As an exclusive PlayStation 3 owner in a sea of Xbox 360 enthusiasts, my high school gaming career was a bit lonely. Microsoft was quicker to the draw than Sony when the Windows company wowed the world with its next-generation offerings in 2005, which included a more competitive price point and a previously established online service called “Xbox Live.” Tech junkies couldn’t bear to wait for Sony to cobble together the successor to the wildly popular PlayStation 2, so most crowds grabbed a Gamertag and began to dig into this whole new world.
The connected and competitive playground was by no means a masterpiece from its inception, but hey, it had moxie. So much so that it made millions of users, both dedicated players and more casual observers, fork over $50 each year to experience the premium, end-all, be-all service that was Xbox Live Gold.
That price has now peaked at $60, but it’s hard to argue with a $10 bump when we’ve seen the integration of services like Netflix, Hulu and ESPN. It’s a true entertainment package, and in many ways, my hormonal peers back at ol’ Maplewood High were right to choose the more user-friendly experience early on. Today, it towers over the PlayStation Network in a handful of key areas, and holds the most populated, dedicated communities for third-party titles.
However, it’s Sony’s ever-improving Network that will succeed as we move forward to the next generation.
The competing companies both offer a paid model that present a variety of unique services. Getting Gold on your Xbox 360 unlocks online play for the hottest games on the market, access to Netflix and the ability to connect to your favorite social networks. Major companies continue to sign on with Microsoft, and these partnerships should only sweeten what’s already a cavity-inducing deal.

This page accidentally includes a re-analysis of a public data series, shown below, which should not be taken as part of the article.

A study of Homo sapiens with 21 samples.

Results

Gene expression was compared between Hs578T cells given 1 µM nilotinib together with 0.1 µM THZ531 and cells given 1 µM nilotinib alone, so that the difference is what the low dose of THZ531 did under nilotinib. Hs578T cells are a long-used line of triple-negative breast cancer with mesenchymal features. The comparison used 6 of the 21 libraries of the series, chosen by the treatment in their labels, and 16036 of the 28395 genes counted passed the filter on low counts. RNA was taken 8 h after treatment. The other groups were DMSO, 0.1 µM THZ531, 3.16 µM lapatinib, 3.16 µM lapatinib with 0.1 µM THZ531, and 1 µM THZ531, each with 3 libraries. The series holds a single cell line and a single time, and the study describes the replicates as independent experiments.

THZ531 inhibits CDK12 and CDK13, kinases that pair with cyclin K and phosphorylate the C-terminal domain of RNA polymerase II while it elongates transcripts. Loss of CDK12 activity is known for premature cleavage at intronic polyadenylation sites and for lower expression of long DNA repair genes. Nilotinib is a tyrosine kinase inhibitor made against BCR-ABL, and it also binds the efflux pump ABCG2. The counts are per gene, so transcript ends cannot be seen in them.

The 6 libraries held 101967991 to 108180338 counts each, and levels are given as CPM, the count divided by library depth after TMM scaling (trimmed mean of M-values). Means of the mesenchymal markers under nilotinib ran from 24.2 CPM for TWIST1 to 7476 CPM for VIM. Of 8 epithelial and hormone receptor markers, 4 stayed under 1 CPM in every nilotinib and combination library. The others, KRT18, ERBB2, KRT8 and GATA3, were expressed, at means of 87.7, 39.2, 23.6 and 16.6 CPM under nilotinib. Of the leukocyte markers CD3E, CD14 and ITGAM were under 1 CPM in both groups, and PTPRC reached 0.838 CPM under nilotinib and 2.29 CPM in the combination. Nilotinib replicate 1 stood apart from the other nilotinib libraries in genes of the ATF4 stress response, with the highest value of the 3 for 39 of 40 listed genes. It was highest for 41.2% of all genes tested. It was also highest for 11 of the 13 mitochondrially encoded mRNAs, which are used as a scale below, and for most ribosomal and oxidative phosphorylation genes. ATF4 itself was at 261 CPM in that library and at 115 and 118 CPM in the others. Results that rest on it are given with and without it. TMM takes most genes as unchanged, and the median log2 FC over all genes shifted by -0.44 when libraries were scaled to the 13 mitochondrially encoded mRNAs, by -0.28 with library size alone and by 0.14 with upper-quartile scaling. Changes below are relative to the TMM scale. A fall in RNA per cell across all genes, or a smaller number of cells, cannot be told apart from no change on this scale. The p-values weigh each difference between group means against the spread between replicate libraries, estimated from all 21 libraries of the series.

Yet, the best features are hidden behind a paywall. Just to access these top-tier applications, 360 owners have to pay a yearly membership. And that doesn’t cover the cost of the actual services. You’re essentially paying to pay for more features, and that’s not exactly the most appealing model.
Sony, on the other hand, has taken a more forward-thinking approach that has yet to fulfill its true potential. Since the PlayStation Network already allows players to play any online game without forking over a single penny, PlayStation Plus unlocks a massive game library for a yearly payment of $50. Some games can be downloaded for free, while other fresh, distinctive titles receive hefty discounts on day one. Early betas and demos also make an appearance from time to time, as well as unlimited save game storage through the all-encompassing “cloud.”
Plus isn’t as essential to each player’s life at this time as Live, but look at the direction we’re headed in. Full-retail games like Mass Effect 3, Assassin’s Creed III and Dishonored are appearing on Sony’s online service at launch, and for members of Plus, these massive worlds can be explored at a discount. Some independent games may even be available a week or so early for subscribers, and in some rare cases, are absolutely free.
That’s where Sony already has a significant head start. Like Valve’s Steam, PlayStation Plus offers buyers easy-to-access, affordable games from the comfort of their own home. The deals have only improved as the service ages, and the visibility of Plus will also expand as users grow more comfortable with replacing discs with downloads.
Brick-and-mortar stores won’t disappear overnight. I still love adding a new, clean box to my personal shelf of games. But like CDs and DVDs, physical copies of games will go out of style. Luckily for Sony, it already has a rock-solid service that caters to the needs of a download-dependant world.
Microsoft can catch up. This isn’t a race where Sony’s begun to lap the competition, as some full games and deals can be found on an Xbox 360. But the PlayStation producer does have a significant head start. The “Durango” and “Orbis” will contain massive hard drives compared to what we’re used to today, and we can expect dozens of games to fill all that storage. Thanks to the unassuming money-saver that is PlayStation Plus, momentum will could easily shift back to Sony in a big way.